Fitness fiasco as pupils dodge PE

18th August 2000 at 01:00
Study warns that large classes allow too many lazy pupils to avoid physical work. Julie Henry reports

PHYSICAL education classes need to be smaller if schools are going to tackle the growing problem of couch-potato children.

A study by De Montfort University's sports department found that class size had a direct effect on the heart rate - and therefore fitness - of 11-year-old boys during games lessons.

Pupils in a class of 16 spent nearly double the amount of time, more than 11 minutes, taking part in vigorous activity than pupils in a class of 30. In larger classes, children could escape teacher scrutiny and time was wasted organising participants into groups.

John Sproule, principal lecturer at de Montfort, said: "It is evident that changes in class size do affect student involvement.

"Recent findings suggest that when pupils were in view of the teacher, which is more likely to occur in smaller classes, they were more active in PE.

"When teachers were closer to students they were less inactive."

Mr Sproule said staff-pupil ratios should be reduced to below 20 to one for physical education to be effective.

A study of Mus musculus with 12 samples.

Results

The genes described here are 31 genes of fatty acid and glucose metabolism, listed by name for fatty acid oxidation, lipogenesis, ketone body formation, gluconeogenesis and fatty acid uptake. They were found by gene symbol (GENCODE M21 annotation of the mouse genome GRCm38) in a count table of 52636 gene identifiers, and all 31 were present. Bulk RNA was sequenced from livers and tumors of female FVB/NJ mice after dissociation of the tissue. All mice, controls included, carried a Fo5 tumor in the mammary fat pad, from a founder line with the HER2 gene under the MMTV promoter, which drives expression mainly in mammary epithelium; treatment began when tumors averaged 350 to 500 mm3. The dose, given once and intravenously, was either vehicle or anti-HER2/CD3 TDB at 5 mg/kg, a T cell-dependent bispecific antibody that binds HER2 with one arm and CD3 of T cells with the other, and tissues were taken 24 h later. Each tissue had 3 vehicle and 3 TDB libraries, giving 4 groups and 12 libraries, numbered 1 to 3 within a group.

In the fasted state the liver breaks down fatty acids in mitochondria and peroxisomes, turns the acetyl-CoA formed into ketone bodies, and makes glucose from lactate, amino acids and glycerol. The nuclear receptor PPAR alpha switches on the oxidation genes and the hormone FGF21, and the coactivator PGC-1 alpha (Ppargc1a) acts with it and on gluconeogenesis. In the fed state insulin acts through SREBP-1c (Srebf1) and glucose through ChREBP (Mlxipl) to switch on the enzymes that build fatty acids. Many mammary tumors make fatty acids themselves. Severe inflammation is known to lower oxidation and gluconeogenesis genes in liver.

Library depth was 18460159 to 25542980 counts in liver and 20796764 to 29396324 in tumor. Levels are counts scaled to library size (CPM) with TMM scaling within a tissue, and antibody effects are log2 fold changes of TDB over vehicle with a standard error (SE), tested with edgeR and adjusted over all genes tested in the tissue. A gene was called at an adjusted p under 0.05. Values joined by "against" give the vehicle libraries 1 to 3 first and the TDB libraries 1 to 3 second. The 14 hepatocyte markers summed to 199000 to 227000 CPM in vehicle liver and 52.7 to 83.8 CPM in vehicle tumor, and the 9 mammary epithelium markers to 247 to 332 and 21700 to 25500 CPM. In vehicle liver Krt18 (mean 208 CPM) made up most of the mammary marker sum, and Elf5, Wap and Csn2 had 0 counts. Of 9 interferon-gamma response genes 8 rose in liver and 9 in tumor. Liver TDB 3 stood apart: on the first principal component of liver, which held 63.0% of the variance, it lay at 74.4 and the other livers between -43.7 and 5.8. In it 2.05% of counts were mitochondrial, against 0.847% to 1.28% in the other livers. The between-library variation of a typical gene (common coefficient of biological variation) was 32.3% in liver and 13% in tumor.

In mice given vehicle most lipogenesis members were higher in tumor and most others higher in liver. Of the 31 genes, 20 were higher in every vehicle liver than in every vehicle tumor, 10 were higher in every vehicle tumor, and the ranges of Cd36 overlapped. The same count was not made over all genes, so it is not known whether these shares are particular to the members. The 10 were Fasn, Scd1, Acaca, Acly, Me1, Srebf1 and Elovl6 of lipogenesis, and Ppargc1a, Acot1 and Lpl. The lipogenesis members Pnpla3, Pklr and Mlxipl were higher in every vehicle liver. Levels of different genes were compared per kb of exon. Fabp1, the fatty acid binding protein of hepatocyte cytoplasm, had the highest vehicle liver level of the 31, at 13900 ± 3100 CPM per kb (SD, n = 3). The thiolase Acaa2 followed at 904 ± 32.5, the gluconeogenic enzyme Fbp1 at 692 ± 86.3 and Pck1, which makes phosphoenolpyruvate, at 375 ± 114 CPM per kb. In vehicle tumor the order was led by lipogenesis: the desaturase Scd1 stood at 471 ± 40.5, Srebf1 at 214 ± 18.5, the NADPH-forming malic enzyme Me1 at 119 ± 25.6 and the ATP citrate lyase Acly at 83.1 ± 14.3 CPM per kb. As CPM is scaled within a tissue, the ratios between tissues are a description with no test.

A report published by Sport England earlier this year found that the proportion of six to ight-year-olds spending two hours or more per week taking part in PE has dropped to 11 per cent from 32 per cent five years ago.

Paul Gately, the director of the country's first "fat camp", said many of the 70 children who were attending his camp during this summer had past negative experiences with sport and exercise at school.

At the camp, based at Woodhouse Grove, a private school in Leeds, young people are taught in groups of 14 supervised by three members of staff.

Mr Gately said: "Their problems start in primary school where there are not enough resources to support and engage the kids. Some of these kids are moving on not knowing how to throw, catch or jump.

"Secondary school PE teachers do not have the time and the classes are too big to differentiate between the superfit kid and the overweight kid who needs extra help."

Curriculum advisers have carried out a national consultation to find out how some schools have been successful in encouraging more pupils to play sport. The results are expected in January.

Last month, the Government announced pound;120 million to be ploughed into sports programmes in the next three years, with one in four schools benefiting from a new army of sports coaches.